Martha Maletta, Home Horticultural Consultant
Dated - September 21, 2004

Plentiful rains mean plenty of fungi popping out in all sorts of places. During a recent mountain hike I must have seen 15 to 20 different sorts of mushrooms along a few feet of trail. Mushroom identification I leave to the mycology experts, but the variety of shapes, sizes and colors is fascinating.

The fruiting bodies of fungi, which we commonly call mushrooms, toadstools, and puffballs, appear where the fungus that produces them as part of its lifecycle grows. Fungi cannot feed themselves, as plants do, but need an outside source of nutrients. Depending on species, this may be dead or, in the case of fungal disease, living plant tissue. Around the home, decay fungi may grow in an old tree stump, firewood, some buried construction wood, roots of a long-gone tree, compost, landscape mulch and really anywhere there is a suitable substrate.

Most of the mushrooms that grow in the landscape on dead plant material are not a problem. The most significant concern is their potential attractiveness to young children. Since some could be poisonous, removing or physically destroying them would be the judicious course. If appearance is aesthetically objectionable, removal or destruction is the option. There is no treatment available that will prevent mushrooms other than removing the food source (substrate), which may or may not be possible.

The one fungus that may be a problem around the home is artillery fungus (Sphaerobolus stellatus). The problem relates to this species spore dispersal mechanism: the forcible ejection of sticky, dark spore bodies, which are very noticeable on light-colored surfaces – homes, cars, porch furniture – and have been commonly blamed on insects, wayward road tarring, aerial debris and assorted other causes.

The fruiting body of this very common fungus - the stage that does the "throwing"- is a tiny (less than 1/8 inch diameter) cream-color to orange-brown sphere that grows on decaying organic matter including rotted wood and the bark and wood mulches used in landscape plantings around homes. When temperature and light conditions are right, the mature fruiting body opens into a tiny cup with the spore mass (peridiole) "loaded" and ready to go. About five hours later the cup everts and the peridiole is thrown into the air, reportedly as far as 20 feet. Because it has a sticky coating, it will adhere tightly to any surface it contacts.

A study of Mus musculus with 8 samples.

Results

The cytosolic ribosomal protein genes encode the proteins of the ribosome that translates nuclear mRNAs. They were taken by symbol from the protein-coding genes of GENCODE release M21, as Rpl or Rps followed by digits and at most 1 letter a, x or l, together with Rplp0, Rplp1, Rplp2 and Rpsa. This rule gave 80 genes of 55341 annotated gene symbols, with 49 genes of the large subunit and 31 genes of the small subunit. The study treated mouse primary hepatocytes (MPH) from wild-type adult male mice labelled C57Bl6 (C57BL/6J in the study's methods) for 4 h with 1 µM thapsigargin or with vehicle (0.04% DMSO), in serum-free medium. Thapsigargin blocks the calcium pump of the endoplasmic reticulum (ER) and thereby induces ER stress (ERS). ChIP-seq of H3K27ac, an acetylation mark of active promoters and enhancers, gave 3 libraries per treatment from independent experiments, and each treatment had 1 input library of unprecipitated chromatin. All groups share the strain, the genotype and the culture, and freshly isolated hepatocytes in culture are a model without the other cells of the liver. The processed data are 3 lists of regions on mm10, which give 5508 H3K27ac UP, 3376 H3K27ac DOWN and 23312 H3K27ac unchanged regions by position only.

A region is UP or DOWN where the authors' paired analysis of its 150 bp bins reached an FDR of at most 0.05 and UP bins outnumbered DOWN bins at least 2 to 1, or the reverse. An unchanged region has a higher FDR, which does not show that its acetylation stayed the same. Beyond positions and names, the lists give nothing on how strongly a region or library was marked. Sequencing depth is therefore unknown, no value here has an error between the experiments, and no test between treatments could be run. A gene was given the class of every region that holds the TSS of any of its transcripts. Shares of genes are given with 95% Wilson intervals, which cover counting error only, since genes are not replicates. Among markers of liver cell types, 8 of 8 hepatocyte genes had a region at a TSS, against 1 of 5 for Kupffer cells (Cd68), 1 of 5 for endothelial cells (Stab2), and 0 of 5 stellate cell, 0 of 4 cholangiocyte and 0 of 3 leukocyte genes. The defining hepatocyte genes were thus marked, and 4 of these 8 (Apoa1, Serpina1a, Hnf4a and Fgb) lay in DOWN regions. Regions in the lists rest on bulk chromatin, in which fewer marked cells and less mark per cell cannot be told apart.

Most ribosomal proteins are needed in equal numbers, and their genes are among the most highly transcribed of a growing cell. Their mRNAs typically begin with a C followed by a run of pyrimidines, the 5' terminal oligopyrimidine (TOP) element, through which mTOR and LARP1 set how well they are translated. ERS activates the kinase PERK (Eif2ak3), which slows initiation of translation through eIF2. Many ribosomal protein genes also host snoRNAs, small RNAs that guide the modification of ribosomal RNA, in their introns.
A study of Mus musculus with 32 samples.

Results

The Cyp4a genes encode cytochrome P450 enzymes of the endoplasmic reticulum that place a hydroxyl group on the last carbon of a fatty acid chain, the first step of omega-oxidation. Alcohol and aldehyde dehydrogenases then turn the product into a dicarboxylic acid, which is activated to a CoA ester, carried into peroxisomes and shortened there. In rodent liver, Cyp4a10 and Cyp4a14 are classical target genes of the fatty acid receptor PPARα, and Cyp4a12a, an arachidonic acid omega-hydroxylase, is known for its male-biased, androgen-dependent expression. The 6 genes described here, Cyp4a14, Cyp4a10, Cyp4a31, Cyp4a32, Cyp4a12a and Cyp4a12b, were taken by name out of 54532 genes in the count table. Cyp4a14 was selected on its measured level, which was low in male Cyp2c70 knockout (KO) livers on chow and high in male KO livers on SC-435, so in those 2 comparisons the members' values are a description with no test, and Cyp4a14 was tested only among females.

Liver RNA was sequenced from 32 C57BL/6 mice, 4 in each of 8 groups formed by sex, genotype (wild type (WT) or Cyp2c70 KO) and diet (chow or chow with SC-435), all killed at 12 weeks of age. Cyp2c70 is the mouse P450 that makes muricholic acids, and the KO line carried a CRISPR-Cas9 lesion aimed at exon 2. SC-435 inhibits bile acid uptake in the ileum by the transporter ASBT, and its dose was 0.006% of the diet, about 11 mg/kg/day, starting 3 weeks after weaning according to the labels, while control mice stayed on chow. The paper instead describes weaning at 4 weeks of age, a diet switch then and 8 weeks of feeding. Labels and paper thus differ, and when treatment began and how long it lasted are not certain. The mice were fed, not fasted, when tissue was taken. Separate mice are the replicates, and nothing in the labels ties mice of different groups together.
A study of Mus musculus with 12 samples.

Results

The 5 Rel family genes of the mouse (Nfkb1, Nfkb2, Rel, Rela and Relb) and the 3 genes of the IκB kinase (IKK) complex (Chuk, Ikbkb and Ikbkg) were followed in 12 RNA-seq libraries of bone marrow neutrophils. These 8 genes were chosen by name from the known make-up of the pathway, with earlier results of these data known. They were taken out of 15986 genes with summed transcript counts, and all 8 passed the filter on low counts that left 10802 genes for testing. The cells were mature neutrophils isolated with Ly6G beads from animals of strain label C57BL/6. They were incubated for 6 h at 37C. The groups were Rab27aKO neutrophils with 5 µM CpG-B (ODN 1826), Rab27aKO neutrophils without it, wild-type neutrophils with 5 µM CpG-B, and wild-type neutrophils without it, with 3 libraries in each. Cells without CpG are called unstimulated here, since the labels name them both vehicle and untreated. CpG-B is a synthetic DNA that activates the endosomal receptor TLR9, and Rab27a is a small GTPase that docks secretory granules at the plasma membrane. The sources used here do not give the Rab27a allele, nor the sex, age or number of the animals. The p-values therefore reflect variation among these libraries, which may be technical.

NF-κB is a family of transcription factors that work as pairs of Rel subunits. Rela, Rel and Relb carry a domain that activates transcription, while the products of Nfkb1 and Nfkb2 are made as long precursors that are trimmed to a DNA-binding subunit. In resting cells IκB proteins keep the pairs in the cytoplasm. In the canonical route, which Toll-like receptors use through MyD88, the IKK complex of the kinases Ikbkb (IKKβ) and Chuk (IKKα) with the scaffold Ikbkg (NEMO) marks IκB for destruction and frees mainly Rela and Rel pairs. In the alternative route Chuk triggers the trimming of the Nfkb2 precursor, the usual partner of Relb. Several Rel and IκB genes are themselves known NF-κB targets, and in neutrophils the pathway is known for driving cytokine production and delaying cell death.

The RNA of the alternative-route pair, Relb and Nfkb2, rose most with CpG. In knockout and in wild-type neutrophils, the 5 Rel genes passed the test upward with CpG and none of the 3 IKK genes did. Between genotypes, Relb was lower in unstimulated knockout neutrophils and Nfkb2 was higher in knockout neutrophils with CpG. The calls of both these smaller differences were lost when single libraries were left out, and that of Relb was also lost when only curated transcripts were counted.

This fungus itself is not hazardous. The spore masses pose no threat to plants they happen to land on and they are no hazard to structures, etc. But, they can be very unsightly on buildings and other surfaces, very difficult to remove and often leave behind a stain when scraped off. To date, I have not come across any recommendations for easy, effective removal.

The popularity of wood and bark mulches in the landscape probably accounts for increased encounters with artillery fungus and other fungi in recent years. With proper handling and use, the benefits of mulch should outweigh problems. A recent article from the University of Kentucky, reporting on research at Ohio State University, gives several suggestions for reducing fungi in mulch. Purchase composted mulch products that are high in bark rather than wood content. Avoid finely ground mulches unless they have been composted. Use coarse mulches. Do not apply any mulch deeper than 2 inches. Soak mulch with water immediately after application to encourage bacterial colonization that will compete with fungi.

The recommendations for reducing mushrooms in mulch will also reduce invasion by fungi that eventually turn an excessive mulch layer into a water repelling mass, which can cause a drought situation. There are many other reasons to avoid over-mulching trees and shrubs. For more information on proper mulching consult the RCE Fact Sheet “Problems With Over-Mulching Trees and Shrubs”, which is available on-line at or by calling the Rutgers Master Gardener Helpline at 908-788-1735, M, T, Th, 9 a.m. to noon and Thurs 12:30 to 3:30 p.m.